Live long and prosper – move out of NW6
Maps have always been a powerful way of highlighting London’s social inequalities (Charles Booth‘s and John Snow‘s are the most iconic examples of this) and they continue to show how the richest and poorest Londoners often live side by side.(SpatialAnalysis.co.uk)
The latest map from UCL’s Spatial Analysis team overlays two sets of data – life expectancy and child poverty. The team wanted to see whether the adage held true that a year in life expectancy is lost for every station eastbound on the Jubilee Line between Westminster and Canning Town.
You can read the full article for the methodology, or click the map for the full view of London, but lets look briefly at the findings locally.
People living within 200 metres of both TfL’s West Hampstead stations have a life expectancy of 81. This is pretty much bang on the national average (which is 78 for men and 82 for women) but lower than our neighbours to the south on the Jubilee Line, to the west on the overground and Bakerloo, and on a par with that in Kilburn.
It’s not especially surprising that wealthy St John’s Wood (83) or Maida Vale (86) have higher life expectancies. In fact the borough of Westminster has the second highest life expectancy in the country, but perhaps marginally surprising that West Hampstead fares as well (or as badly) as Kilburn Park or Kilburn High Road. If we look at the Guardian’s deprivation map from April this year, we can see that the West Hampstead stations are marginally better off than Kilburn’s stations, and the child poverty data above tallies with that. So, why the discrepancy?
Frankly, that’s not the right question to be asking. This sort of mapped analysis is not intended to be a perfect reflection of the reality on the ground. Mapping is all about scale, and this London life expectancy map is best seen as a way to see general changes along tube lines, where the trends are very clear. There is, for example, an astonishing 21-year difference between the shortest (75.3) and longest (96.4) life expectancies. However, when you see that the longest life expectancy is for Oxford Circus and think how many people live within 200 metres of that tube station, you begin to see the challenge of trying to derive meaningful insights from individual data points. This doesn’t detract from the fact that there are large discrepancies, most notably from west to east – this is even more visible when you look at the child poverty data.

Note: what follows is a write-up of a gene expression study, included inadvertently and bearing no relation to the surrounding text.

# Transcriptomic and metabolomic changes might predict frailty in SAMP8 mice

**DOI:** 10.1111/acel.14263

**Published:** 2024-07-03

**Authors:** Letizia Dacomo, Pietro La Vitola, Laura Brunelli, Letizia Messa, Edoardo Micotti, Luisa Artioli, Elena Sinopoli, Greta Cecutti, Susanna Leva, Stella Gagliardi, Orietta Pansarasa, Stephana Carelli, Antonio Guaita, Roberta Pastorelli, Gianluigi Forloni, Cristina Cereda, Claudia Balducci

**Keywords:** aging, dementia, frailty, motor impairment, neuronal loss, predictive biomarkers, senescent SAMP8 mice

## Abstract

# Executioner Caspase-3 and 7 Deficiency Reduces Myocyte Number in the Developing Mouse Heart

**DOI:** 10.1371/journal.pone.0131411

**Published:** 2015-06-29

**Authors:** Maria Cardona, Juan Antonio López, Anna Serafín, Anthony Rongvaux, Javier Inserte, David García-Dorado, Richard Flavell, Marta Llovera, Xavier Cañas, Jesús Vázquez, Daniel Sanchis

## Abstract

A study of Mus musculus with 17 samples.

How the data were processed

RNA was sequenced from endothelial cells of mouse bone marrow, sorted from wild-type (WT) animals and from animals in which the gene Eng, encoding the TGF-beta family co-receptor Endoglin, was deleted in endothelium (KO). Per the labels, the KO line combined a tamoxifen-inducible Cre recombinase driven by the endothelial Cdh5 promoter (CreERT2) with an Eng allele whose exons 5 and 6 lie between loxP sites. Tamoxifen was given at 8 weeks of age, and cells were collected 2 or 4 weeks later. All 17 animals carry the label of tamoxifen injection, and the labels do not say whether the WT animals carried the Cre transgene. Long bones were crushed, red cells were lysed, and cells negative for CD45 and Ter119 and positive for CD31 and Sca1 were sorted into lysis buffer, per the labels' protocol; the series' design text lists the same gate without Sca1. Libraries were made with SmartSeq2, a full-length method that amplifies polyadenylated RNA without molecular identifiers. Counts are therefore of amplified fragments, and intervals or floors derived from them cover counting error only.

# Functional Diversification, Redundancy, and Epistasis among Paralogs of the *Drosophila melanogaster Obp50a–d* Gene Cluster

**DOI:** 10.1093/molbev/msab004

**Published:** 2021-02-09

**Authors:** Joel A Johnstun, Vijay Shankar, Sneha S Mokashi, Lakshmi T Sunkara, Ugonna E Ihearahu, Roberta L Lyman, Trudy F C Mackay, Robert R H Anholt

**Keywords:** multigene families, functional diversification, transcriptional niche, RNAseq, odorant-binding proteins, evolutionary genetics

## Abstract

You may think this is old news, but as a way to bring to life the concept not just of deprivation but of disparity, maps are surprisingly powerful. Take a look at the routes you regularly use to get around London, and next time you whoosh through the city (or, more pertinently, go to the Olympic Park) on a tube train, have a think about the areas you’re passing through out of sight. Maybe also have a think about whether a child born in east London deserves a lower life expectancy just because of where their parents live.